Q & A with head coach Roy Sommer

Dec 14, 2016

Roy Sommer, head coach of the San Jose Barracuda, is in the midst of his 19th season behind the bench of the San Jose Sharks top developmental affiliate and his 21st overall with the Sharks organization.

On February 10, 2016, Sommer collected his record-breaking 637th win to surpass Fred “Bun” Cook (636 wins) for the most in AHL history.

After practice on Wednesday (Dec. 14), Roy sat down with Barracuda broadcaster Nick Nollenberger to discuss what is the most rewarding part of his job after all these years and what the benefits are of having the Barracuda in San Jose.

How has hockey changed the Bay Area and became a part of the culture in the last 25 years?

Where I grew up and played, Berkeley, CA, I think it has gone downhill, I don’t even know if there is a rink anymore, but I know San Jose has changed. The South Bay has picked it up and has kept the Bay Area in the game.

In your 19th season as the head coach of the San Jose Sharks top developmental team, what is it about the game that you love so much and has kept you in it for all these years?

The biggest thing is the opportunity these guys are given when they are drafted and come in. Maybe even a guy who was a free agent or a late pick, even a first rounder, when they get to play in the NHL, and you had a part in it. You see guys go on and have really good careers, that keeps you motivated.

Is watching guys go up and have success in the NHL the most rewarding part of your job?

Yeah, it’s fun being a part of a team and an organization and watch the guys grow and mature. You have guys that are 19, and you have them a year or two later… Mirco Mueller is a great example.  He wasn’t real mature when I first got him, he was just out there, but his game evolved. He built his foundation and it seems like he is having so much more fun now. He’s got his call-up, and hopefully, he gets an opportunity to show them how well he has progressed.

What is the greatest asset of having the AHL and NHL club in the same city?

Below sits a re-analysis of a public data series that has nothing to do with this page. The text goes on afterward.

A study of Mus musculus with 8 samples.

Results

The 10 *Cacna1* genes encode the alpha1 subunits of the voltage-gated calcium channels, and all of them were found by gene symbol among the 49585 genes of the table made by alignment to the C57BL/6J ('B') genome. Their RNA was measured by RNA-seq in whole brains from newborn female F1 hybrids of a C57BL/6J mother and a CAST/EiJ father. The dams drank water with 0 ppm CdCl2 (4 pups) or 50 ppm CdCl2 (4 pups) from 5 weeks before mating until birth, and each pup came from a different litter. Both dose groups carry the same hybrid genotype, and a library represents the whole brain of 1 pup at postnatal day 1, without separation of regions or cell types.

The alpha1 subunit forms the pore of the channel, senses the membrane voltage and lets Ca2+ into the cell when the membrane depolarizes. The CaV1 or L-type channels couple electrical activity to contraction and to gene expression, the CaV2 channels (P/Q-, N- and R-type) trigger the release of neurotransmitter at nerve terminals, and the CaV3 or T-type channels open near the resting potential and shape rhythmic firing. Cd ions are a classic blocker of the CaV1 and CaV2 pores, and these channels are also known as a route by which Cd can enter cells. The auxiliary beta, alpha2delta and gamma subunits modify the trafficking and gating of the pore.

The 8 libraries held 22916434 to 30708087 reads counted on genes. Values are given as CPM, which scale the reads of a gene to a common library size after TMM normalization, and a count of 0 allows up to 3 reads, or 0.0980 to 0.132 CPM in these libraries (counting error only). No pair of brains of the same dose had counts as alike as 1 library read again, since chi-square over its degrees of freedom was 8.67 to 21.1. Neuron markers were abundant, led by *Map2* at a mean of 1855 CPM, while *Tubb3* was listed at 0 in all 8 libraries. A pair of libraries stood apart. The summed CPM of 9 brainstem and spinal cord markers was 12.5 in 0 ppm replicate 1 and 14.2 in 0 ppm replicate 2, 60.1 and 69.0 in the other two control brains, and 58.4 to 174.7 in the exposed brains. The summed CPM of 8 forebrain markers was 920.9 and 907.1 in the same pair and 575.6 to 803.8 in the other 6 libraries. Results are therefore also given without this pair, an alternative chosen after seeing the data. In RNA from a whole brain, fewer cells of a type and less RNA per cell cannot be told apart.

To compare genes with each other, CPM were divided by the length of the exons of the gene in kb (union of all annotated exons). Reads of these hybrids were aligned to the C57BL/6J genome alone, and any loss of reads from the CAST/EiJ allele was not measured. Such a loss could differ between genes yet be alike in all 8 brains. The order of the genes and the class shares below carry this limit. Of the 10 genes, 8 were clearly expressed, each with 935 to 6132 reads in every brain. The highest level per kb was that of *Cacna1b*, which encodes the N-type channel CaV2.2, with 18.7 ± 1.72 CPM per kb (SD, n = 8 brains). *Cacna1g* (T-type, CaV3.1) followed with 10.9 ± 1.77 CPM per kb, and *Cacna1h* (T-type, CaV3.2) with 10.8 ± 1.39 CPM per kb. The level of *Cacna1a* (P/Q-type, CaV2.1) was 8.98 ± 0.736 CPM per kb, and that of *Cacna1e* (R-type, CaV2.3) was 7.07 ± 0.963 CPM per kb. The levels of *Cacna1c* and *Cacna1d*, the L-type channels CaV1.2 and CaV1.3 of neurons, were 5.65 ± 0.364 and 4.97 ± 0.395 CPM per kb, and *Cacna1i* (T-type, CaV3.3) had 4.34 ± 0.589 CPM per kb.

The biggest thing is all the eyes are on you. There is nowhere to hide, and if you're playing well, everyone is going to see it. There is always someone around, so there is no one to blame if you don’t get better but yourself.  There are hands on everything you do here. When we were on the East Coast, as far as we were at times, it was out of site out of mind, but there always right here now.

When did you notice a recommitment to the restocking of young talent in the farm system?

It was hard in the past because we gave up a lot of draft picks in order to make a run at the Cup. It seemed we would always deal a high pick or a good player to help the parent team go deep in the playoffs. We’ve stopped doing that, and they have hung onto their draft picks and made some smart decisions, and it is all coming to fruition. The O’Regan’s, the Timo’s, the Chartier’s, the Mueller’s and Goldobin’s, you could go on and on, but we are a pretty deep organization now.

With different coaching personal with the Sharks, how has the front office relayed a unified message and what does the organization want to be instilled in these young guys?

The biggest thing is we want the players to play the same way down here as they do up there, so when they go up top it’s seamless. When they step into a game, they shouldn’t have qualms about what is going on out there. Everything they do up there we try to emulate down here.

What is one characteristic that the organization is looking for when they draft or acquire a player?

The biggest thing is they look for guys that make those around them better, guys who play an inside and competitive game. The era of going after a player, which is not a great skater and trying to mold him into that is gone. You have to be able to skate to play in the NHL, and if you look at it, that is one of the biggest attributes they are looking for.